Acclaimed gardener re-imagines his Pensthorpe masterpiece
PUBLISHED: 17:41 22 August 2011
An internationally-acclaimed gardener has re-opened one of his earlier masterpieces at a Norfolk wildlife reserve after overseeing its extensive redesign.
The Millennium Garden at Pensthorpe Nature Reserve near Fakenham, was originally created by celebrated Dutch plantsman Piet Oudolf in 1999.
At the time, the spectacular garden was the first in the UK designed by Mr Oudolf to be open to the public, and became an important example of his work.
So when the perennials started to become overcrowded after almost a decade, the reserve’s owners invited him back to redesign the layout and oversee the replanting.
The entire one-acre plot was dug up, two thirds of the original garden was divided and replanted and the remaining third has been planted with 4,000 new plants.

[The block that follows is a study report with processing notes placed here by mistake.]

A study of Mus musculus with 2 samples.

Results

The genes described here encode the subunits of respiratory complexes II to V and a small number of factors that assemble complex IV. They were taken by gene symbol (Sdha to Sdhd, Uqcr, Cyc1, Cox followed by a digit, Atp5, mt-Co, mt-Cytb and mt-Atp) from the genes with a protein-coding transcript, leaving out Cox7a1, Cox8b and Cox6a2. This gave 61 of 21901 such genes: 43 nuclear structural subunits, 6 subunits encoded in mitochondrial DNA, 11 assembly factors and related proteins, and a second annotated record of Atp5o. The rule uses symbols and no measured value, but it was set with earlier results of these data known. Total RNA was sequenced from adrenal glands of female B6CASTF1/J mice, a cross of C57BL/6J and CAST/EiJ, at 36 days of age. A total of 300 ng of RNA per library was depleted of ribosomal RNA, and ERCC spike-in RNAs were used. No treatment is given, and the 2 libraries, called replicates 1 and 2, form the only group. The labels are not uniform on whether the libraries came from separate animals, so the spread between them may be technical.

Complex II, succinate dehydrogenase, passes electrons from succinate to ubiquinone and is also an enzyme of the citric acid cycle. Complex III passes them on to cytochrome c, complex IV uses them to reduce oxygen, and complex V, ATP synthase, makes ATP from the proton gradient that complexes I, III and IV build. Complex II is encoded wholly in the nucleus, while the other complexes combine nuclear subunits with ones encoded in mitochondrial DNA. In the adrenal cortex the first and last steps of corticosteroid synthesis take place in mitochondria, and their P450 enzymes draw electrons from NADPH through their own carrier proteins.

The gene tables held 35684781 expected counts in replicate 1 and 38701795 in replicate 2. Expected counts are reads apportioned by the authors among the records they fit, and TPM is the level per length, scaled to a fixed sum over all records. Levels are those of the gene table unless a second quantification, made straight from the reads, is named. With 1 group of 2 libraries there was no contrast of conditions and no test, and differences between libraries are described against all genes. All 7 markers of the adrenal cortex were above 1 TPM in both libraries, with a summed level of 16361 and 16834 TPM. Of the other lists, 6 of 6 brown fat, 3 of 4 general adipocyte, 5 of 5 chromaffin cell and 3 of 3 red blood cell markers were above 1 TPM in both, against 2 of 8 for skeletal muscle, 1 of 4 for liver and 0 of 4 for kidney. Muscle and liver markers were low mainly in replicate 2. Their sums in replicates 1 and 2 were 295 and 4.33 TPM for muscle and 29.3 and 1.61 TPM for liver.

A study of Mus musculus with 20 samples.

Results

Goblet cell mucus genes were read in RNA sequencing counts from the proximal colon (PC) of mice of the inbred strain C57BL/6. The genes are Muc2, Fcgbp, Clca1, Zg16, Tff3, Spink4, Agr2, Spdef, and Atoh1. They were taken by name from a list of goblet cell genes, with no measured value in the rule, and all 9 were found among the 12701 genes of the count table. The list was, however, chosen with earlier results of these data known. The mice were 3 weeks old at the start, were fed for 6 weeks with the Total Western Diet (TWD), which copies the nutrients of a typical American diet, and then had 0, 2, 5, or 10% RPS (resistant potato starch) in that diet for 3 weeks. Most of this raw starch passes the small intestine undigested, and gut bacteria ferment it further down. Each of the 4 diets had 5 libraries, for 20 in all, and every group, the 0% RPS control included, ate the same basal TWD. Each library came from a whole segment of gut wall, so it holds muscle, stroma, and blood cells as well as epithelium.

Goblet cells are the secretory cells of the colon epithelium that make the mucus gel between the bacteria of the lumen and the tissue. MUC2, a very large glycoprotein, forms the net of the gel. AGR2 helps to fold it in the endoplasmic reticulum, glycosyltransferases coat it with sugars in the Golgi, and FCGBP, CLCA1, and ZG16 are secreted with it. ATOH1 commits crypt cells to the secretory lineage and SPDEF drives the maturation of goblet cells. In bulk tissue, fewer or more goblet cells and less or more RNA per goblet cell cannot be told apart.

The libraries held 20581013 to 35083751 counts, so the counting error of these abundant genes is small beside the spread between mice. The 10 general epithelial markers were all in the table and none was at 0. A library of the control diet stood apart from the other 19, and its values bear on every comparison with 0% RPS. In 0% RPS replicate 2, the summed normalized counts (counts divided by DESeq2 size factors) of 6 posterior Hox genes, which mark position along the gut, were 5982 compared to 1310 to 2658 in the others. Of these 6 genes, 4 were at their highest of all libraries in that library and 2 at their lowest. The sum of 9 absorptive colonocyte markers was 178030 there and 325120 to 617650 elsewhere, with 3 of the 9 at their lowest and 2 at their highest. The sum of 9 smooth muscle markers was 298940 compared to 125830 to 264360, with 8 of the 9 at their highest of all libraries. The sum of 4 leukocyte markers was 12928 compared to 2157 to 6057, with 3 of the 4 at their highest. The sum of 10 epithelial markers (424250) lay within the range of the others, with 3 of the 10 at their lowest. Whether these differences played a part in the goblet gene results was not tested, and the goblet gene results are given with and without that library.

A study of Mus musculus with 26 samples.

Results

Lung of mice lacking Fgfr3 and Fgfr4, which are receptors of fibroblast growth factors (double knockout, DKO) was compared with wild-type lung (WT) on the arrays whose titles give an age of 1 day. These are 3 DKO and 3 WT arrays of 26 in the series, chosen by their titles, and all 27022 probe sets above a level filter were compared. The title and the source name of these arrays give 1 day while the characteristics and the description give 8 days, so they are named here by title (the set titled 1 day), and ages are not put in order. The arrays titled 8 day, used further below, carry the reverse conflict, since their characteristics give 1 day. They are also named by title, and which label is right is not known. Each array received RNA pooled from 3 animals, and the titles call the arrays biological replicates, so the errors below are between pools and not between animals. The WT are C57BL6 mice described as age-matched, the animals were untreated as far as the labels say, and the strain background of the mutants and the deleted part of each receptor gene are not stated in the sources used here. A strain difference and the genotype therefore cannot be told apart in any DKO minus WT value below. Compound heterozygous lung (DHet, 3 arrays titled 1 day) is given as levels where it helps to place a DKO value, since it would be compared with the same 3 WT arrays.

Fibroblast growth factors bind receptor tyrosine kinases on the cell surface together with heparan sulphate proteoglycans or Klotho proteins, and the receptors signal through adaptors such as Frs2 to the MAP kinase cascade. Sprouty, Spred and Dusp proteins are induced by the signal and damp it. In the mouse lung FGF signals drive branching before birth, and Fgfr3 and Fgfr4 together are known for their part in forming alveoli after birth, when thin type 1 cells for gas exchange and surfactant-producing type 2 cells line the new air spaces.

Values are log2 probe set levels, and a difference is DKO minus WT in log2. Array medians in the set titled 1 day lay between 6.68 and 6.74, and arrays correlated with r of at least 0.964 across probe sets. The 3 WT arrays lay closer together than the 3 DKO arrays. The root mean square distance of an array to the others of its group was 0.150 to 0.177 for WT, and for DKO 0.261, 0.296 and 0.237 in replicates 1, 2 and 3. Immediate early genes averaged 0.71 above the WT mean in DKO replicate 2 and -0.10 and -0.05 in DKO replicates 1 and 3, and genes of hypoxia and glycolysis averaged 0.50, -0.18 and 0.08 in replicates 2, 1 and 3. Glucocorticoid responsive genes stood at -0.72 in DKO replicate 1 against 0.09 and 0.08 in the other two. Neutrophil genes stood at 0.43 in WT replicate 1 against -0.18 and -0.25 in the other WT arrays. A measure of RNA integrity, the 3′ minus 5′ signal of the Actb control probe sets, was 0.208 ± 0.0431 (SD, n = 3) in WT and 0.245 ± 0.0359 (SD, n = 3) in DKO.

The work took eight months and was carried out by one full-time gardener, one part-time helper and three volunteers who helped once a week.
The garden now has 112 different plants made up of 90 different types of perennials, 22 different types of grasses and six different types of shrubs.
After viewing the results with head gardener Imogen Checketts, Mr Oudolf said: “The quality of the garden is not only a matter of design, it depends mainly on the quality of the gardeners. Pensthorpe is proof of that.”
Deb Jordan, who co-owns Pensthorpe with her husband Bill, said: “Bill and I are so lucky to have this wonderful jewel of a garden sitting at the heart of Pensthorpe.
“Piet has masterfully redesigned the garden to make it even more special for our visitors and Imogen has worked tirelessly to carry out his new vision and plan. We are thrilled with the result.”
Pensthorpe’s Millennium garden was re-opened to the public on Saturday.
Over the past 30 years, Mr Oudolf has designed residential gardens and small parks in England, Germany, Sweden, the United States and his native Netherlands.
His style is described as being influenced by various horticultural traditions, such as the combination of Dutch formality and naturalistic planting styles.